By Brendan I. Koerner

A few days before Yannick Noah's offspring and his Floridian chums waxed my mom's alma mater in the NCAA tourney, I conducted a little Final Four of my own, pitting some of the cheapest headphones that 125th Street has to offer against one another. Silly me, though, as I forgot to include a bracket for those wonders of jogging's 1980s heyday: cordless headphone radios. Immortalized in the roller-skating scene from Fletch—y'know, in that scene where he's disguised as a chrome-domed cheeba-squeezer—cordless headphone radios liberated an entire generation from the agony of Walkman tethers. They also weighed a freakin' ton on top of your noggin, and tended to get lousy reception.

So, how does an industry go about propping up a flawed product whose golden age has passed? By slashing prices, thereby turning the cordless headphone radio into a low-end product to love and savor. Tough to believe that my dad once refused to let me wear his set, contending that I'd mistreat them and cost him a minor fortune; I guess that was before you could scoop up a replacement for less than the cost of a Long John Silver's Value Basket Combo. After the jump, a rundown of what ultra-cheap AM/FM aficionados will be strapping to their skulls this summer. PLUS: Low End Theory offers some credit where credit is due.


Now, I will say this for manufacturers of cordless 'phone radios: they've definitely stepped it up in the design department, even as they've cut prices by upwards of 90 percent. The GPX HR2004SP (pictured above) is a case in point. There's nothing particularly impressive about the specs, which include such underwhelming features as "adjustable headband with rear safety strap" and "rotary volume and tuning controls." But there's something very Robotech-ish about the white-plastic sides, what with the orange racing stripe and all. You can totally see Lisa Hayes rocking these as she captains the SDF-2, calming her nerves with a little 2112 in the midst of a Zentraedi onslaught.

But I've got to question the sort of reception the GPX 'phones get. There's a noticeable absence of an external antenna, a staple of many of its competitors. Take this barebones unit from column favorite Coby, which features a rubberized antenna nearly long enough to double as a quarterstaff. The Coby CX-22 is no great looker, unless you were a fan of those clunky underwater cameras that Kodak put out in the 1980s. But at $4.36, beggars can't be choosers when it comes to aesthetic appeal. And, hey, the hype sheet touts "large comfortable earpads," to boot.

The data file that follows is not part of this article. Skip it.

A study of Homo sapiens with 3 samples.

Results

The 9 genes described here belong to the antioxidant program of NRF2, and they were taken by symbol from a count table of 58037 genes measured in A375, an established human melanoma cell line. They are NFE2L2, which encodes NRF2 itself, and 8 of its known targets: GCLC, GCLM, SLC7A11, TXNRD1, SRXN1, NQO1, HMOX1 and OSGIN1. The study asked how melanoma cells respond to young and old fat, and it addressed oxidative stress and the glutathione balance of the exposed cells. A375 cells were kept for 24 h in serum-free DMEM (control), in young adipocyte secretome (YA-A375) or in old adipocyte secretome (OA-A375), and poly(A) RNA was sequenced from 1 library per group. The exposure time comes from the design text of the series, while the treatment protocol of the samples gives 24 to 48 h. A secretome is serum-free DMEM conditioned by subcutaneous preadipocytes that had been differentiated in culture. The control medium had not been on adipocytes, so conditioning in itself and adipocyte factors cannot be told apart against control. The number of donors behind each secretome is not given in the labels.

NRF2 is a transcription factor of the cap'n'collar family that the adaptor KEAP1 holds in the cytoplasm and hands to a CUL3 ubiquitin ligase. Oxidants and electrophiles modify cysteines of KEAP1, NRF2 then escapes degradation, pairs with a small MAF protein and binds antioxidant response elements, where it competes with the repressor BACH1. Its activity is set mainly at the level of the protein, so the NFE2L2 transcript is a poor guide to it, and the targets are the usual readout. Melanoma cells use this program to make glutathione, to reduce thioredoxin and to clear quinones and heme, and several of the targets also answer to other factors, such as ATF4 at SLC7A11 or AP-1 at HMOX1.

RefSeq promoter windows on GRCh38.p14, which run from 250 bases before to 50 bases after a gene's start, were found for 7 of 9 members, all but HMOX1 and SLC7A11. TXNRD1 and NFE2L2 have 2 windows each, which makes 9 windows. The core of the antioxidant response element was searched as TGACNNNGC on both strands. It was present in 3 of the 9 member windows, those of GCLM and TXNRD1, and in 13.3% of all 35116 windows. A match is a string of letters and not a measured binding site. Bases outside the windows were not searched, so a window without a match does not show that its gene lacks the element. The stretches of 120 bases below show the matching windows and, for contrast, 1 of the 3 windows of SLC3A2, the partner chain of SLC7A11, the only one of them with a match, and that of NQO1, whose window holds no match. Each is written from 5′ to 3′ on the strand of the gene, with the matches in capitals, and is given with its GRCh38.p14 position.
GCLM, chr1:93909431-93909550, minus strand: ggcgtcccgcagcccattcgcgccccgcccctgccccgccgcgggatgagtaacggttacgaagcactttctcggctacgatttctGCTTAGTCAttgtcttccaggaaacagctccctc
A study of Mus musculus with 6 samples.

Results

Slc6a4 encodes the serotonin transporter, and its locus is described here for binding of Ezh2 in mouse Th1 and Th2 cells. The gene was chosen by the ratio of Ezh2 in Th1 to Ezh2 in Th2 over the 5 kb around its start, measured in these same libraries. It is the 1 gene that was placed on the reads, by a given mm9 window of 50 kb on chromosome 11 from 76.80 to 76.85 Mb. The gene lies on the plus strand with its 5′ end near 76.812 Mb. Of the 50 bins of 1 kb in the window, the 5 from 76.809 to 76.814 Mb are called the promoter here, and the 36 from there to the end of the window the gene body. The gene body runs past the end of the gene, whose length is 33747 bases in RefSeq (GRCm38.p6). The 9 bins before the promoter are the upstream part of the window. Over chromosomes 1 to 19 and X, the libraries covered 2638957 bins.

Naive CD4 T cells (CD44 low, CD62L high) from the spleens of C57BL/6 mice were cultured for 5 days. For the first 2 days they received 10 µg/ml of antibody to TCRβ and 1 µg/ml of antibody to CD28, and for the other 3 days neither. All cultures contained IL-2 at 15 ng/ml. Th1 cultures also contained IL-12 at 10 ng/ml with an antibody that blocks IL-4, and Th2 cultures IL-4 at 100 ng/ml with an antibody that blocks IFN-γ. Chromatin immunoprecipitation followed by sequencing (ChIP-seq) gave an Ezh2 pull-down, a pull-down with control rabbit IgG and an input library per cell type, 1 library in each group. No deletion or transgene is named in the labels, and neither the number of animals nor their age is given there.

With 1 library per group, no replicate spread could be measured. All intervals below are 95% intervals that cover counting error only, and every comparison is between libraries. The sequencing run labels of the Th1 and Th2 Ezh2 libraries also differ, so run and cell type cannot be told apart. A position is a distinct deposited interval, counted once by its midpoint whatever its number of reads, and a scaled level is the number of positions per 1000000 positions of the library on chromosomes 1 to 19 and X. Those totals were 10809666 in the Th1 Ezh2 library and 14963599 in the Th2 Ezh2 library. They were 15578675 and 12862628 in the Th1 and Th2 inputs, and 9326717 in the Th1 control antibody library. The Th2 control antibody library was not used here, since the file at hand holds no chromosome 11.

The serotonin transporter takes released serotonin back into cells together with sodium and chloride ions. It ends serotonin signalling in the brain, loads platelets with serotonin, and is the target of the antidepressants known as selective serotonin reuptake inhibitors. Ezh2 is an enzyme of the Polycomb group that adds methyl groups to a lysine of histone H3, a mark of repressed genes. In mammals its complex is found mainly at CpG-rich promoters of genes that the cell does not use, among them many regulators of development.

This image was lost some time after publication, but you can still view it here.

Prefer to splurge on your cordless headphone radio? Fascinated by the wanton violence and fetid smells associated with the Hell's Angels, Bandidos, and Mongols? Got a strong neck? Check out this branded Harley-Davidson set, which I believe is manufactured by licensing behemoth Polyconcept USA (which also brings the world such can't-live-without-'em products as the M&M Voice Activated Phone). The specs here are similar to those of the GPX, but with two distinct advantages: a fold-down rubberized antenna, and digital tuning. The actual components seem to be housed in casings built to withstand a high-speed t-boning of a Mack truck, however, so don't be forking over your $28.99 unless you've got healthy neck ligaments.

This image was lost some time after publication, but you can still view it here.

The common theme with all of the 'phones described above is their adherence to the traditional over-the-head approach. Leave it to Gear to Go, a sub-brand from cheap digicam vendor Sakar, to change the rules of the game with a wrap-around take on the tired formula. Tough not to love a company that understands the shape of the human head, and puts that knowledge to good use in crafting a comfy radio that costs less than $6. More power to these folks for realizing that even the cheapest scoundrels among us still appreciate some fine ergonomics. Hence a new Low End Theory maxim that I hope will soon become a mantra among the Cobys and jWins of the planet: Comfort is not just for the elite.

BELATED THANKS: In the course of slapping together this column on a weekly basis, sometimes I neglect to offer the appropriate praise to those who provide assistance. In response to a pair of firm-yet-polite e-mails regarding last week's column, I'm now gonna try and correct my credit-hogging ways.

First off, y'all should know that the roll-up piano image that headlined the column was pulled (sans permission) from Dan's Data. Dan alerted me to this fact with an e-mail slugged "Roll-Up Rip-Off," though his inclusion of a smiling emoticon at the end of his complaint makes me think he's actually an okay dude unlikely to beat me to a pulp. (Also, I'm pretty sure he's an Aussie, and they tend to be alright by and large.) Read his roll-up piano review here; he even cracks it open and takes a peek at the circuit boards.


Also, I snagged the photo of the zapper lady from here, where you can buy the bug-slaying racquet if you're so inclined (and have $8.99 to spare). SmartLabs honcho Isaac Sanz requested that I offer credit here, due to the fact that the zapper lady ("Jenny") worked pretty hard to keep her Pepsi from spilling while slaughtering insects. So noted, Isaac. So noted.

Brendan I. Koerner is a contributing editor at Wired and a columnist for both The New York Times and Slate. His Low End Theory column appears every Thursday on Gizmodo.